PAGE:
News

Proposed budget reductions will affect men’s ministry

January 24th, 2012


 

The Connectional Table and the General Council on Finance and Administration will ask General Conference delegates to approve a $603 million budget for seven general church apportionments during the 2013-2016 quadrennium. 


That proposed amount calls for a 6.04 percent reduction from the previous four years and marks the first time since the 1968 formation of the UMC that a smaller budget will be proposed to General Conference. Other proposed quadrennial budgets increased the dollar amounts, but they did not keep pace with inflation.


The $603 million sounds like a whopping amount, but it is only 3 percent of the total expenditures of the denomination.


Slightly over a penny of every dollar given by local church members supports the ministries of all general agencies.


Only one half of one percent (0.5%) of that World Service penny is allocated to ministries of UM Men. In 2011, the General Commission on UM Men raised 75 percent of its own budget, but it relied on World Service dollars for the remaining 25 percent.


Each year of the 2009-2012 quadrennium, the commission received around $340,000 from World Service. That amount would decline by 6.5 percent in the 2013-2016 quadrennium (a loss of $22,100). The amount given to the commission could decrease by another 10 percent if the budget were to be reallocated after General Conference (a loss of an additional $31,790).


If the legislative assembly were to approve both recommendations, the commission would have to raise an additional $53,890 per year beyond its normal budget. That does not factor in inflationary costs.


Additional cuts possible


While those cuts would severely limit funds for scouting and men’s ministry, there are also proposals that would entirely eliminate World Service funds for the commission, resulting in an annual deficit of $340,000.


Proposals to drop general church funds for the commission result from a proposal that would make UM Women and UM Men into “membership-based” organizations apart from the five offices that would fund nine general agencies.


The elimination of World Service monies would alter the presence of the commission within the connection, and the elimination of funds would come after the commission reallocated resources to provide additional assistance to local churches and districts through men’s ministry specialists, scouting ministry specialists and deployed staff.


Factors that go into general church apportionment projections include: church membership, inflation, per-capita disposable income, “giving elasticity” (the percent of giving from increased revenue), net spending and the U.S. gross domestic product. The recent volatility in the U.S. stock market illustrates why the long-term prospect for giving is often difficult to anticipate.

General Conference may adjust the recommended budget.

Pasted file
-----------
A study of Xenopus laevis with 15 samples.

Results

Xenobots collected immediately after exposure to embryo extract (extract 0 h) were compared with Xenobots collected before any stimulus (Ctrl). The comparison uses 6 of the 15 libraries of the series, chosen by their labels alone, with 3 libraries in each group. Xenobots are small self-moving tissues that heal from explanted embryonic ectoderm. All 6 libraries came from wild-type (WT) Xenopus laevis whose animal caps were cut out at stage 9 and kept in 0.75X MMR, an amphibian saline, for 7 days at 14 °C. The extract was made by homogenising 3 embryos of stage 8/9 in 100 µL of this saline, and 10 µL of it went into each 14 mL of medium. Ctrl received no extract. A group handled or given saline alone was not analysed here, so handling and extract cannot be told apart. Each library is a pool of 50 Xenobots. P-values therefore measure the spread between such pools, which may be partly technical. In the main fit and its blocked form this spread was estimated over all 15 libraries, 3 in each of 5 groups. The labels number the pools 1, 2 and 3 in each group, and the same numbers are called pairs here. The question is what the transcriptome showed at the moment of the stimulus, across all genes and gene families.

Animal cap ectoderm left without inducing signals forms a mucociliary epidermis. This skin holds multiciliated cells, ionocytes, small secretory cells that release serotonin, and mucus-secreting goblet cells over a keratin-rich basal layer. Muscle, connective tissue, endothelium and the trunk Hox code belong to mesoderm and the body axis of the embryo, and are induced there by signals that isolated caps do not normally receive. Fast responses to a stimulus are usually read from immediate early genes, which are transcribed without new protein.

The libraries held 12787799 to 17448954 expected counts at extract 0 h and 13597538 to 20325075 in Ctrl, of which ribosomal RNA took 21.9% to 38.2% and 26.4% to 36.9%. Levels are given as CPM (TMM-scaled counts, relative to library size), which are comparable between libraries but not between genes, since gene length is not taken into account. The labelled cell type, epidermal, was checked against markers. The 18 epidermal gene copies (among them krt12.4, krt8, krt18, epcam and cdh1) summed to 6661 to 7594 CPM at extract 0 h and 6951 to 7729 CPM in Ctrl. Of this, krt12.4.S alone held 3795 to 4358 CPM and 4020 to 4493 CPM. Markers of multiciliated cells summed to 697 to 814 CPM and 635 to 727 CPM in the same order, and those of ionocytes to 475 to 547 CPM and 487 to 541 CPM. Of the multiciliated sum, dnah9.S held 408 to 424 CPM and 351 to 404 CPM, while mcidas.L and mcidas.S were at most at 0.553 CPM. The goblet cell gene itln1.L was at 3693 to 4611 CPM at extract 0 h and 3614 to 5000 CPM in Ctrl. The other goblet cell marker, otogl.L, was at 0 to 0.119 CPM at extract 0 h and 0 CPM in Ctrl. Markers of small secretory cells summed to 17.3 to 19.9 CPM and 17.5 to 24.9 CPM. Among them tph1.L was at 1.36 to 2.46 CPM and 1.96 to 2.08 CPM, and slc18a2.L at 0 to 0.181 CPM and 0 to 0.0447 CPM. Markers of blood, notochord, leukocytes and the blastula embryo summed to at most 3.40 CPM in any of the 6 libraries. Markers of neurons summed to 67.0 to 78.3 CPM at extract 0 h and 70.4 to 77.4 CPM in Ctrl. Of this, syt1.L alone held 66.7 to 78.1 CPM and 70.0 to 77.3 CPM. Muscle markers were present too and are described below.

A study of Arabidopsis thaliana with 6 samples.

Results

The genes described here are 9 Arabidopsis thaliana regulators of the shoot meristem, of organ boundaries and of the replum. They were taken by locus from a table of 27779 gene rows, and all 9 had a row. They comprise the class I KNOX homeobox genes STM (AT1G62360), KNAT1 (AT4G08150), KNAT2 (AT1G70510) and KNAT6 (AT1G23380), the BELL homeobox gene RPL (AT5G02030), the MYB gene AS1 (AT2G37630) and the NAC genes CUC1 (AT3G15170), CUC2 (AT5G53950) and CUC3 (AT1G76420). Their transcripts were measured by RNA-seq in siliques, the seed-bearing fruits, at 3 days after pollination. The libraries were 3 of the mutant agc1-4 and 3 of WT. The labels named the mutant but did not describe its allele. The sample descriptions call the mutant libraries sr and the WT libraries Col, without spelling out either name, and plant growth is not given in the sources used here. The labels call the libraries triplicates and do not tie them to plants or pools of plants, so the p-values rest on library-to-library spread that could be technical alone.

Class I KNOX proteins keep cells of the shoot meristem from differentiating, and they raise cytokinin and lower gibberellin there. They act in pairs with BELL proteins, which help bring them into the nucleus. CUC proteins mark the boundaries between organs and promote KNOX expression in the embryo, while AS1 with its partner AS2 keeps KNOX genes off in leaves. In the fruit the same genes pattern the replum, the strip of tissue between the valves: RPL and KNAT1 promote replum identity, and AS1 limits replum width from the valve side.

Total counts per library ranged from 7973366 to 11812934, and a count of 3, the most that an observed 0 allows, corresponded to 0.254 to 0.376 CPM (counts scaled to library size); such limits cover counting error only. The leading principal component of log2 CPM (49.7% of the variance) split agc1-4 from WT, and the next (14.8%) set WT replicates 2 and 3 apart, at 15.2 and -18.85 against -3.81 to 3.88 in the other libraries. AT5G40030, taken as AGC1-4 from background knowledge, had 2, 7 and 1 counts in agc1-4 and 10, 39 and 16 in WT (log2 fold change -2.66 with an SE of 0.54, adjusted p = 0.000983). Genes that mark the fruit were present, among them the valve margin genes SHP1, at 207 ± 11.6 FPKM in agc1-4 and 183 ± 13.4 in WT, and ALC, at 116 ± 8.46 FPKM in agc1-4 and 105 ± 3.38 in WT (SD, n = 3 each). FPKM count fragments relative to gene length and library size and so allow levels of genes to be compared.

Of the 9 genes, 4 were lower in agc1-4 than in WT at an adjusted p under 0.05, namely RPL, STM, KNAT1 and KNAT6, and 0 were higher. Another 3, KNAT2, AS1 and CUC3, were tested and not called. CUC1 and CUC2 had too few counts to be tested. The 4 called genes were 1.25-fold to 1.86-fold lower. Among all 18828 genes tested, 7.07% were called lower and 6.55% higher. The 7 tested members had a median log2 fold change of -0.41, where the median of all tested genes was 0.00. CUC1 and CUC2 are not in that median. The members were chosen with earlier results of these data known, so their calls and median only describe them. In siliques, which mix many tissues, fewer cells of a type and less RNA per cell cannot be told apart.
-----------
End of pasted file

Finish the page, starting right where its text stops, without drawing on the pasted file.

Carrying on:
Constitutional amendment proposed


Delegates will be asked to begin the process of amending the Constitution to empower a unit of the denomination to make budget adjustments between conference sessions. At present, after General Conference adjourns, no entity can make changes to the allocated budgets.


To be ratified, constitutional amendments must win a two-thirds majority of General Conference delegates and two-thirds of the aggregate number of members voting during the following sessions of annual conferences.


If the constitutional amendment and the proposed new structure is approved, the Board of Directors of the UM Center for Connectional Mission and Ministry may recommend to the 45-member General Council for Strategy and Oversight, reallocating $60 million during the 2013-2016 quadrennium.


The proposal calls for the center to use the funds to support development of young people's lay leadership; theological education in central conferences, recruiting and training ministerial students under the age of 35, and creating vital congregations.


Agency staff reductions


General agencies have been reducing the size of their staffs over the last decades. In 1971 there were 3,139 staff members in 11 general agencies. In 2010, there were only 1,384 staff members in 13 general agencies.


In 1997, the first year of the General Commission on UM Men, there were 11 staff members. In 2012 there are seven full-time staffers and one part-time. This paid staff is supplemented by volunteers, including four deployed staff members, 29 men’s ministry specialist and 130 scouting ministry specialists.


If proposed reductions are passed by General Conference, there will be fewer agencies and fewer staff members. There will also be some 350 fewer board members to oversee the remaining staffers.


Study group recommendations


The General Council on Finance and Administration did not support two study group proposals: One to combine the seven general apportioned funds into one fund and to shift the apportionment formula from an expenditure-based model to an income-based model.


The council did support a study group’s recommendation to emphasize stewardship as a spiritual discipline.